Anterior Cruciate Ligament Pathology Workup
- Author: John Maguire, MBBS, MSc, FRACS; Chief Editor: Thomas M DeBerardino, MD more...
Routine laboratory studies are not required. However, infection, crystal arthropathy, and inflammatory arthropathy must be excluded in routine fashion when suspected.
Radiologic examination should be undertaken in all cases. Radiographs are needed to exclude fracture, tumor, chondrocalcinosis, crystalline arthropathy, and osteoarthrosis. Routine series should include an anteroposterior (AP) view, a lateral view at 30°, notch view, a patellofemoral view, and a weightbearing posteroanterior (PA) view in extension and 45° in chronic cases or in older individuals who may be at risk of osteoarthritis.
In cases associated with fracture or avulsions of the cruciates, computed tomography (CT) can add valuable information. The location and origin of bony loose bodies can be identified well with this modality.
Magnetic resonance imaging (MRI; see the image below) is a useful tool when the diagnosis is unclear or when nonoperative management of the anterior cruciate ligament (ACL) tear is being considered. Cruciate integrity is well visualized in T1- and T2-weighted images. In the acute phase, when pain and apprehension can cloud clinical signs, an accurate diagnosis can be made in 98% of cases.
Meniscal pathology also can be identified. With more than 50% of cases having a meniscal tear, some surgeons find this information of use in choosing a management plan. Bone bruising commonly is seen, particularly of the lateral femoral condyle. The long-term influence this may have on the outcome is not yet known.
Radionuclide scanning is not used routinely. Its major uses in the setting of ACL injury are to identify and quantify degeneration in chronic cases. Radionuclide scanning also is used to help make the diagnosis in cases of suspected postoperative infection.
A number of mechanical devices (eg, KT1000) are available on the market that are used in some centers to assist in diagnosis. Most centers do not use these devices on a routine basis in acute assessment. They are widely used in research to help quantify the degree of tibial translation.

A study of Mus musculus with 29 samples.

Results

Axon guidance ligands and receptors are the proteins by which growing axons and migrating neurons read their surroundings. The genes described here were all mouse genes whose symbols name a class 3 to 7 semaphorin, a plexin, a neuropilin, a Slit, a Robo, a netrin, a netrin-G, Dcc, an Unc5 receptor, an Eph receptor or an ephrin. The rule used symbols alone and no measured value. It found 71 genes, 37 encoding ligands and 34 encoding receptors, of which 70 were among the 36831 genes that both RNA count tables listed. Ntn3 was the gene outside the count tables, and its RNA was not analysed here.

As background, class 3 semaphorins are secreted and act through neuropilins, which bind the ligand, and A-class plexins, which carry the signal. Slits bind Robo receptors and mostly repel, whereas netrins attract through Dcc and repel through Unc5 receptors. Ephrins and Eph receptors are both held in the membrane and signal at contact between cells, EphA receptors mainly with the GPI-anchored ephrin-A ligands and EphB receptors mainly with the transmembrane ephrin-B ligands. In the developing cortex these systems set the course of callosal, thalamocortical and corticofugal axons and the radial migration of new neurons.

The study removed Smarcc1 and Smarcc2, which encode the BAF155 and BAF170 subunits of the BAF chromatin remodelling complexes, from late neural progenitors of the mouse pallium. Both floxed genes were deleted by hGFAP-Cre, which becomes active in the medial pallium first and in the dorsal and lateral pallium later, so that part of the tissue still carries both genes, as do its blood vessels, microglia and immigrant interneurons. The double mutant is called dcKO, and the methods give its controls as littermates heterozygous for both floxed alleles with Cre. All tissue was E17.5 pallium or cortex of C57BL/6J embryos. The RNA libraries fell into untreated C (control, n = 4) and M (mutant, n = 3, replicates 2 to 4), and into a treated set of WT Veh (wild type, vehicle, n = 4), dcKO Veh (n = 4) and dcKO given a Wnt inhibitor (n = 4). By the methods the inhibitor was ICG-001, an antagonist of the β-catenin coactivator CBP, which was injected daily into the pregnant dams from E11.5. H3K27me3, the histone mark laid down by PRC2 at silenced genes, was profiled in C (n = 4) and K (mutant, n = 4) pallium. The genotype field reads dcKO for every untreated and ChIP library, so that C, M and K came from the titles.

Strength assessment using specific muscle testing units is a tool commonly involved in research. Muscle testing also can be used in the rehabilitation phase to compare strength in opposite legs. This can aid some practitioners in deciding when return to play is possible.
In the postinjury workup, few procedures are used.
Aspiration and drainage of a large hemarthrosis can aid diagnosis and assist in providing pain relief. If crystal arthropathy is suspected, assessment can be made to exclude this. Fracture creates fatty deposits in the hemarthrosis. Therefore, aspiration can aid in making a diagnosis in these cases. The authors do not recommend this as a routine measure.
Some practitioners use arthroscopy to assist in making a diagnosis. If the diagnosis is unclear after other testing, accurate assessment can be made by means of arthroscopy. Meniscal pathology and cruciate stump impingement also can be dealt with at the time of arthroscopy. This may be the only requirement for patients who are not planning to undergo early reconstruction. Results of meniscal repair are improved if the procedure is combined with cruciate reconstruction. Therefore, the authors recommend a single procedure if reconstruction is planned.